Published: August 15, 2013
It is 4:30 in the morning. My brother and I, ages 12 and 9 respectively, each grab our shotgun. We drive south with our dad to a maize field near Two Buttes reservoir. Soon after settling onto the freezing ground in a goose blind, a whispering of honks announces a tiny V shape approaching on the horizon. Soon the cacophony is deafening, as geese pass directly overhead.
So began my hunting career. Hunting has been an important part of my life and guns have always had a very limited purpose for me - hunting and sport.
I exercise great caution around guns, a value instilled by my father from my earliest hunting days. Carrying a gun is a right, but with that right comes responsibility. Early on I learned of the deadly consequences of mishandling guns. At age twelve I attended my first funeral, that of a friend who was shot accidentally by his young hunting companion who was climbing through a fence.
The purpose of guns has expanded dramatically from hunting and sport to self-defense and more recently and disturbingly to assault weapons. Colorado recently enacted House Bill (HB) 1224 placing reasonable limits on magazine size, necessary for the ever increasing lethal nature of weapons, and HB 1229 representing a moderate and reasonable effort to require background checks to block sales to irresponsible purchasers, such as felons.
Senator John Morse led this effort prompting a small but energized group of gun activists to bring a recall effort against him even though both bills reflect the will of the majority of his constituents.
HB 1224, limiting magazine size, was passed in part in response to the Aurora shooting on July 20, 2012 when James Holmes, using a Smith and Wesson M & P 15 semi-automatic rifle with a 100 round drum magazine, shot and killed 12 people and injured 70 more. Had his rifle not jammed after 45 shots, more deaths and injuries could have occurred. His assault rifle and his high capacity magazine were both banned earlier under the Federal Assault Weapon Ban which Congress passed in 1994. However, in 2004 due to the intense efforts of the NRA gun lobby, Congress let these laws expire. Assault weapons are not for hunting, nor self defense, but rather for the military style of assault as in the Aurora Theater. HB 1224 limits magazine size to 15 rounds, a reasonable step to address the Aurora style shootings.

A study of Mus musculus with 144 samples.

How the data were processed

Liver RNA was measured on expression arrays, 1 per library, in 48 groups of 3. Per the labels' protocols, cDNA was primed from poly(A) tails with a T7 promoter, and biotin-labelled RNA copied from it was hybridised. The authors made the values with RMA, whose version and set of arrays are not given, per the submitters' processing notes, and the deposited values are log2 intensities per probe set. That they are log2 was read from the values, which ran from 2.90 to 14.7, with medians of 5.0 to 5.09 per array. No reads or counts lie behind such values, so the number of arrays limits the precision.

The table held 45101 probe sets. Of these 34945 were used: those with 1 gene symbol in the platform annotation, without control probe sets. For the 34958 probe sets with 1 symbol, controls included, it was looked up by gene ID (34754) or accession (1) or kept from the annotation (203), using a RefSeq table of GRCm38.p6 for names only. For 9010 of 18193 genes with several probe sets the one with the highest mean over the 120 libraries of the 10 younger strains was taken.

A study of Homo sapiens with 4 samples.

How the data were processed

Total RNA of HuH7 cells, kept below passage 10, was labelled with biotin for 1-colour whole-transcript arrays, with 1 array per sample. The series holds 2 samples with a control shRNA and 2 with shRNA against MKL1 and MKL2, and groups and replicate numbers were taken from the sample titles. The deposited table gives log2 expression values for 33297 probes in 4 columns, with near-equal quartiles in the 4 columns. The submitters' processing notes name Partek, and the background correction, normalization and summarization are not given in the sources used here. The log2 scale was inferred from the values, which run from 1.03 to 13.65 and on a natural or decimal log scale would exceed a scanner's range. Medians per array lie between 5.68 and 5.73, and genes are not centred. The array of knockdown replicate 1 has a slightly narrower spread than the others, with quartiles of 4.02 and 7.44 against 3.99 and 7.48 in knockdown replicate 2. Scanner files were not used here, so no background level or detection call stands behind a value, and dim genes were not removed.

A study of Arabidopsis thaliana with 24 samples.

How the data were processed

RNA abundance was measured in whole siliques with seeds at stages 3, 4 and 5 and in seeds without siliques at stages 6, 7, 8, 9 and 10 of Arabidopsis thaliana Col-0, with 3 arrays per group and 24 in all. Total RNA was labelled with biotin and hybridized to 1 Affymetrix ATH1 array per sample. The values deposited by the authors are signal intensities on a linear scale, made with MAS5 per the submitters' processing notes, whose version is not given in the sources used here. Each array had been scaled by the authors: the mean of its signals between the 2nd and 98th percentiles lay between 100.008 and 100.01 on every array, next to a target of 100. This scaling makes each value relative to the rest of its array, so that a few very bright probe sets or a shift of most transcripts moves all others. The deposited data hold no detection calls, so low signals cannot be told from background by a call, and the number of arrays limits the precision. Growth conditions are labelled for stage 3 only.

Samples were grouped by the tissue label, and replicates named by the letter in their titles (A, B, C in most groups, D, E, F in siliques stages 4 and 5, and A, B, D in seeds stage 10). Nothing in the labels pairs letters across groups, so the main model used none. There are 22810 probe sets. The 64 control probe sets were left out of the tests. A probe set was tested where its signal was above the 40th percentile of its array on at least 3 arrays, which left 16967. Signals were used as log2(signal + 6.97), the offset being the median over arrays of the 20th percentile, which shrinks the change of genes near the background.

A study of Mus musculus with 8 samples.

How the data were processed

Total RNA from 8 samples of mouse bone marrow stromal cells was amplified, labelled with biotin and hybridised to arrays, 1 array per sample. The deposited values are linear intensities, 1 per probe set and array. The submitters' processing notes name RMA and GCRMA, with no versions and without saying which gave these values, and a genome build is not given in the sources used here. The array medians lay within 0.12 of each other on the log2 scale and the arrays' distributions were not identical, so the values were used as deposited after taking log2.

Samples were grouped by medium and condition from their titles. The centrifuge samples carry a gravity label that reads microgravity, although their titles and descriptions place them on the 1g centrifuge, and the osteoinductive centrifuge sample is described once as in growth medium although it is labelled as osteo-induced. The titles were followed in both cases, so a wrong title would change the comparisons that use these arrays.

Guns sold today are more lethal: faster firing, more rounds and more lethal bullets. Sadly as the weapons become more lethal, the laws become more lax, as evidenced by the lifting of the ban on assault weapons. This imbalance is eroding our rights as citizens. In 2010 by Justice Steven of the U.S. Supreme Court observed in his dissent in McDonald vs. Chicago: "Your interest in keeping and bearing a certain firearm may diminish my interest in being and feeling safe from armed violence."
HB 1229 requires universal background checks. The NRA opposes universal background checks even though 85 percent of Americans and 74 percent of households with an NRA member support such background checks. Shockingly, the same NRA that lobbied to lift the ban on assault weapons objects to universal background checks for purchasers of guns, now including assault weapons. As weapons become more powerful, more sophisticated and more deadly, universal background checks become more critical. The Brady Campaign to Prevent Gun Violence estimates that 40 percent of gun sales today occur without background checks.
As important and reasonable as Colorado's new gun laws are, a small group of gun activists seek to recall senator John Morse, a 13-year police officer and former chief of police. Will we let a highly energized minority, led by gun activists recall Senator John Morse and repeal laws passed to protect and secure our lives? A complacent majority risks being overturned by a zealous and energetic minority.
America is watching Colorado to see if the NRA and gun activists can reverse our responsible gun policies. Be proactive and change this alarming trend by voting no on the attempted recall of Senator John Morse. He stood up for us. Now we must stand up for him.
Phil Kendall is a retired lawyer who lives in Senate District 11.